Diana 1961-1997: World reaction - 'Do the English blame the French for killing her?'

The appeal of the Princess proved universal
At the Pont de l'Alma in Paris, the crowds stood largely silent, reading the messages on the flowers people continued to lay above the underpass where Diana died. Many had watched her funeral on television before making their pilgrimage to the scene.

Laurence Renard, a 35-year-old secretary, grasped an English woman's hand in floods of tears. "Tell me, do the English blame the French for killing Princess Diana?" she asked. Unlikely, she was told. "We cared, you know, not all the French people, but a lot of us did genuinely care. I was glad it was on TV. Everything that mattered was said. If you have love in the centre of your life you ennoble life."

In a hairdresser's in the 17th arrondissement, the talk was of nothing but the funeral. "All our clients cancelled this morning. Everyone wanted to watch," said the proprietress, Nicky Rubicone. "Diana was greatly loved in France. Why? It's difficult to say. A little because she was beautiful and yet unhappy but still tried to do good around her. Also because here for the first time was a member of the British royal family who was chic."

"In my quartier, there was nothing moving when the funeral was on," said her assistant, Viviane Denis. "All you could hear were the televisions turned to the funeral ... I cried. When Elton John sang, I cried. His words were so beautiful."

Not just Britain, but the world took part yesterday in the mourning. "She was a Kannon-sama," said a young Japanese woman, referring to the most popular deity of Japanese religion, the Goddess of Compassion. Her most familiar manifestation is that of a young woman with a gentle face and a lotus flower in her hand, the protector of mothers and children, and of the weak and needy.

Lyn Roseman, a separated mother of two children roughly the same ages as Diana's, said in Australia: "I'm a republican, and I never thought much about Diana when she was alive. But her death rocked me in a way I never thought it would. The good in her shone through. She had an ability to bring royalty to people. I think this will hasten the republic debate along here."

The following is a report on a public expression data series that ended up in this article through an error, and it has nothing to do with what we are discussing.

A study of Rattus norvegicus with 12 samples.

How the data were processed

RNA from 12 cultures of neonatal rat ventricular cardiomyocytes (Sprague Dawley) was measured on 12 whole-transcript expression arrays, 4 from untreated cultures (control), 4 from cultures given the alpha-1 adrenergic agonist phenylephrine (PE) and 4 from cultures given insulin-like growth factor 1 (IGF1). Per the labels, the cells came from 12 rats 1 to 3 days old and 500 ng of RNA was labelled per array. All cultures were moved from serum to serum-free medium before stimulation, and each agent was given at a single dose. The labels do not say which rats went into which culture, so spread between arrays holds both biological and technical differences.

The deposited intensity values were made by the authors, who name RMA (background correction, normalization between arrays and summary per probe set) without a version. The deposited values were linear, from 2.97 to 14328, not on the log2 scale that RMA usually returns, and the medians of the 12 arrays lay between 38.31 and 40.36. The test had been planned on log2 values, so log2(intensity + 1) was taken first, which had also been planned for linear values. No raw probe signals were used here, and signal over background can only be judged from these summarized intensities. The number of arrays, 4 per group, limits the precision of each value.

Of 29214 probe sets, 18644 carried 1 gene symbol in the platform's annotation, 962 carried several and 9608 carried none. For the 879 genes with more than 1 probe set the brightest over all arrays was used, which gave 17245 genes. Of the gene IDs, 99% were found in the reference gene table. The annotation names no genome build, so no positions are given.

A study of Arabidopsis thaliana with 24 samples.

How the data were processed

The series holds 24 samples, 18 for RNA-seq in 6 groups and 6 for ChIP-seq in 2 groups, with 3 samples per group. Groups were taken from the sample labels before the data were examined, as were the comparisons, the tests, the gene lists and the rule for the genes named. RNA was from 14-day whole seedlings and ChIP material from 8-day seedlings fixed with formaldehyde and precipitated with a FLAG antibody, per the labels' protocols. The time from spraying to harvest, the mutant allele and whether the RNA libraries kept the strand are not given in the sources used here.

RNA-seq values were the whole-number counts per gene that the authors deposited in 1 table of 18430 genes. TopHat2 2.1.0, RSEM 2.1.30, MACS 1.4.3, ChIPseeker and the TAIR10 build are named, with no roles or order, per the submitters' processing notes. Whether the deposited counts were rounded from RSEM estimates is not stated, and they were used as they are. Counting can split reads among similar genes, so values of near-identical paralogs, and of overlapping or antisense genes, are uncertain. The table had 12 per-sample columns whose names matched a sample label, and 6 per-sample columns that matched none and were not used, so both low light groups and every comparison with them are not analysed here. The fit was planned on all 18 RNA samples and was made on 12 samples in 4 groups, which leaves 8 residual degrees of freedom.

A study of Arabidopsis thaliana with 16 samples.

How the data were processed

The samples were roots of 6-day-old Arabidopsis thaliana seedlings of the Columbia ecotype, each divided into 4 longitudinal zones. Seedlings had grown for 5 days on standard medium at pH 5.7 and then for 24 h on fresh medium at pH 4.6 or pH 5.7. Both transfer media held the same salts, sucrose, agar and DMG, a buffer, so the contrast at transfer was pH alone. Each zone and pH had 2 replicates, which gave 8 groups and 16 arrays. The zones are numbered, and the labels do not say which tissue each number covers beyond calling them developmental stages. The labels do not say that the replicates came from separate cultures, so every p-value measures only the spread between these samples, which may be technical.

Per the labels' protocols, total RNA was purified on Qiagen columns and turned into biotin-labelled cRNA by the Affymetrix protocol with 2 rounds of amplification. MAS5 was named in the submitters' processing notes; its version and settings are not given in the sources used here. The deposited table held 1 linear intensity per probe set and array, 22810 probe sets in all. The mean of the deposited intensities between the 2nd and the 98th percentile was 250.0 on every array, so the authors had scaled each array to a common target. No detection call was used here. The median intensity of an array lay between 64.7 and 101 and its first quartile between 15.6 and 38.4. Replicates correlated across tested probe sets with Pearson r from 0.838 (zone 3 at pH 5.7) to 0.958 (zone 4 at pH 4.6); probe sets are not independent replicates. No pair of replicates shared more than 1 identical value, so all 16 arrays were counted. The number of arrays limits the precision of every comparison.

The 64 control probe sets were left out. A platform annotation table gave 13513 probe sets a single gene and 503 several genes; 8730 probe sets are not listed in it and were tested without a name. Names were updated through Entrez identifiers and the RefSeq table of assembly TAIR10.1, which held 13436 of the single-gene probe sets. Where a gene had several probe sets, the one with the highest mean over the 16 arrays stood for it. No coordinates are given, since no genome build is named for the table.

Every British mission around the world was swamped last week by local people queueing to sign books of condolence. At the British consulate in Johannesburg there were white madams and their black maids, and groups of red-eyed, gingham-dressed girls from private schools. Though the majority of visitors were white, there was no shortage of black mourners.

The funeral began at prime evening television viewing time in Australia and in Japan. In the US, millions rose before dawn or stayed up all night to watch the blanket coverage on every network. The streets of Paris fell unusually quiet, as an estimated 15 million people in France - one in four of the population - watched the funeral procession and service on television. Even in India, shocked by Mother Teresa's death the previous day, state-run TV and radio were broadcasting the funeral, while in Indonesia, the world's most populous Muslim country, five of the six national networks carried live broadcasts. The only major nation to miss the event was China: the 700 million people with access to a TV were shown nothing of it by the state broadcasting network.

"More than any other time I can recall, the global village has stopped to reflect - not just on her death, but on our own mortality," the evangelist Billy Graham told a memorial service in Washington's National Cathedral.

President Bill Clinton, whose wife Hillary attended the funeral, said he had cried while watching on television. In his weekly radio address he linked Diana and Mother Teresa, saying: "Their lives were very different, but ultimately bound together by a common concern for and commitment to the dignity and worth of every human being, especially to those to often overlooked: the desperately poor, the abandoned, the sick and the dying."

It was not only in Britain that Diana's concern for the disadvantaged people broke taboos. In Japan, where disability is treated as a matter of shame, her embrace of a disabled child also served to emphasise the aloofness of the Imperial Family.

In San Francisco 14,000 people held a candle-light rally in her memory. Cleve Jones, the creator of the Aids memorial quilt which remembers tens of thousands of victims, said to applause: "We who are living with HIV and Aids especially remember Diana's courage during the darkest days of the epidemic, when her country and our own were swept by bigotry, hatred and hysteria.

"It was then that Diana visited a hospice and with ungloved hands embraced a gay man dying of Aids. That image of simple compassion flashed across the world and changed the way the world saw Aids."